Myanmar’s hardline Buddhist monks unimpressed by ban


The top Buddhist committee also ordered the group to remove their signs and symbols throughout the country by July 15 and declared that no group under the name of Ma Ba Tha will be allowed to convene or operate in the future or face prosecution.

The Ma Ba Tha monks, however, said the were “not sure whether to follow the orders or not.”

In any case, the threat did not deter hundreds of monks, nuns and followers from attending a weekend summit at the Yangon monastery decorated with Ma Ba Tha banners. Notorious firebrand monk Wirathu was holding a speech although he is officially banned from preaching for a year by the highest clergy body.

On May 28, the group announced that it is rebranding itself under a new name and released a declaration that it from now on would use the name of “Buddha Dhamma Philanthropy Foundation,” a new designation which is significantly less confrontational than the original which translated as “The Association for the Protection of Race and Religion.”


Myanmar’s ultra-nationalist Ma Ba Tha movement despite a ban gathered in a Yangon monastery on May 27, just shortly after Myanmar’s top Buddhist clergy banned their network which has been accused of stoking Islamophobia and aggravate religious unrest mainly targeted at the minority Muslim group of Rohingya.

Reading Time: 1 minute

Myanmar’s ultra-nationalist Ma Ba Tha movement despite a ban gathered in a Yangon monastery on May 27, just shortly after Myanmar’s top Buddhist clergy banned their network which has been accused of stoking Islamophobia and aggravate religious unrest mainly targeted at the minority Muslim group of Rohingya.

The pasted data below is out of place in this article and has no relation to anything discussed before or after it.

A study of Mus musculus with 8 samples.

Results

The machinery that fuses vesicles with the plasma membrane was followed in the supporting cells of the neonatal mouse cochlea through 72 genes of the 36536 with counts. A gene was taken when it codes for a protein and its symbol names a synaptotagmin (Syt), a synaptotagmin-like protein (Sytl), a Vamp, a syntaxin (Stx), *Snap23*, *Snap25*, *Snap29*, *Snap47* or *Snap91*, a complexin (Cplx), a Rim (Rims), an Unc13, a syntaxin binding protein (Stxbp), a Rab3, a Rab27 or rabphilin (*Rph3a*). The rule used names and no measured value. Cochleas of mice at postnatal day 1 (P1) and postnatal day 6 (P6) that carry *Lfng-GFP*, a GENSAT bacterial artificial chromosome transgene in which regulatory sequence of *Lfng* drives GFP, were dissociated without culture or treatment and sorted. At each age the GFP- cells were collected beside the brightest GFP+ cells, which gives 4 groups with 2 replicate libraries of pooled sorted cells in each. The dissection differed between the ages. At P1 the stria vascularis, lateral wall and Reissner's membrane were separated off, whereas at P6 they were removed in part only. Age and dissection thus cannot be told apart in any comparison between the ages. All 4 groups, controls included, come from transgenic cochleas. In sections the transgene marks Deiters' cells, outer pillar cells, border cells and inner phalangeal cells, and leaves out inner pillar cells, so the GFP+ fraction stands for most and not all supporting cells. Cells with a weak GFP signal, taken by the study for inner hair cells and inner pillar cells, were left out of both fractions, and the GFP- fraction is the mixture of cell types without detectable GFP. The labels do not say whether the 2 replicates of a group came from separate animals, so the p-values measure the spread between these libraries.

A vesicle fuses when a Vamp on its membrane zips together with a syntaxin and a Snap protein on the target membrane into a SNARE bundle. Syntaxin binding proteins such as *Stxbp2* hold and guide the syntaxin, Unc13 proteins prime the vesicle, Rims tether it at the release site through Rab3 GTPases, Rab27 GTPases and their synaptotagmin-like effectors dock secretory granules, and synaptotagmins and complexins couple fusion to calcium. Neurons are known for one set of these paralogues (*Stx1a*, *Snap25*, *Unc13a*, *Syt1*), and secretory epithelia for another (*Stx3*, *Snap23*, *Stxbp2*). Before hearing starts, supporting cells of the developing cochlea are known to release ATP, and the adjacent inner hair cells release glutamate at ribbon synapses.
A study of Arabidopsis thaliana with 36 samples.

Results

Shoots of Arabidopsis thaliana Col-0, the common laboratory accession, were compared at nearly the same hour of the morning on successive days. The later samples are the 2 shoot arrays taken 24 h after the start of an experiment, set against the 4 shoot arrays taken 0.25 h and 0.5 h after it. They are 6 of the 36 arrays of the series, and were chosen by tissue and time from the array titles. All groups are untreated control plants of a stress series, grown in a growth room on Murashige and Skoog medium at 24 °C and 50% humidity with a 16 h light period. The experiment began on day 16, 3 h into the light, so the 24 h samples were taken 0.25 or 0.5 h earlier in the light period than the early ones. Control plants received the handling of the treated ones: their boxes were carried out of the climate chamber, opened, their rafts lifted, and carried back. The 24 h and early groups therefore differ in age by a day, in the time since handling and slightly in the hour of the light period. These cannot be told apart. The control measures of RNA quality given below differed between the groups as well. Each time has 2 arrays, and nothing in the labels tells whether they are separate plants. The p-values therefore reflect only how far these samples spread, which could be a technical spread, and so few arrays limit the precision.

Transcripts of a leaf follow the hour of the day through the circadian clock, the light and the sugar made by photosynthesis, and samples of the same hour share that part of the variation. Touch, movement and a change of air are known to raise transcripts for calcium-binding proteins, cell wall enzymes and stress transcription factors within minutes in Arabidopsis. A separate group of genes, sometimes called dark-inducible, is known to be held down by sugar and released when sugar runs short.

The top Buddhist committee also ordered the group to remove their signs and symbols throughout the country by July 15 and declared that no group under the name of Ma Ba Tha will be allowed to convene or operate in the future or face prosecution.

The Ma Ba Tha monks, however, said the were “not sure whether to follow the orders or not.”

In any case, the threat did not deter hundreds of monks, nuns and followers from attending a weekend summit at the Yangon monastery decorated with Ma Ba Tha banners. Notorious firebrand monk Wirathu was holding a speech although he is officially banned from preaching for a year by the highest clergy body.

On May 28, the group announced that it is rebranding itself under a new name and released a declaration that it from now on would use the name of “Buddha Dhamma Philanthropy Foundation,” a new designation which is significantly less confrontational than the original which translated as “The Association for the Protection of Race and Religion.”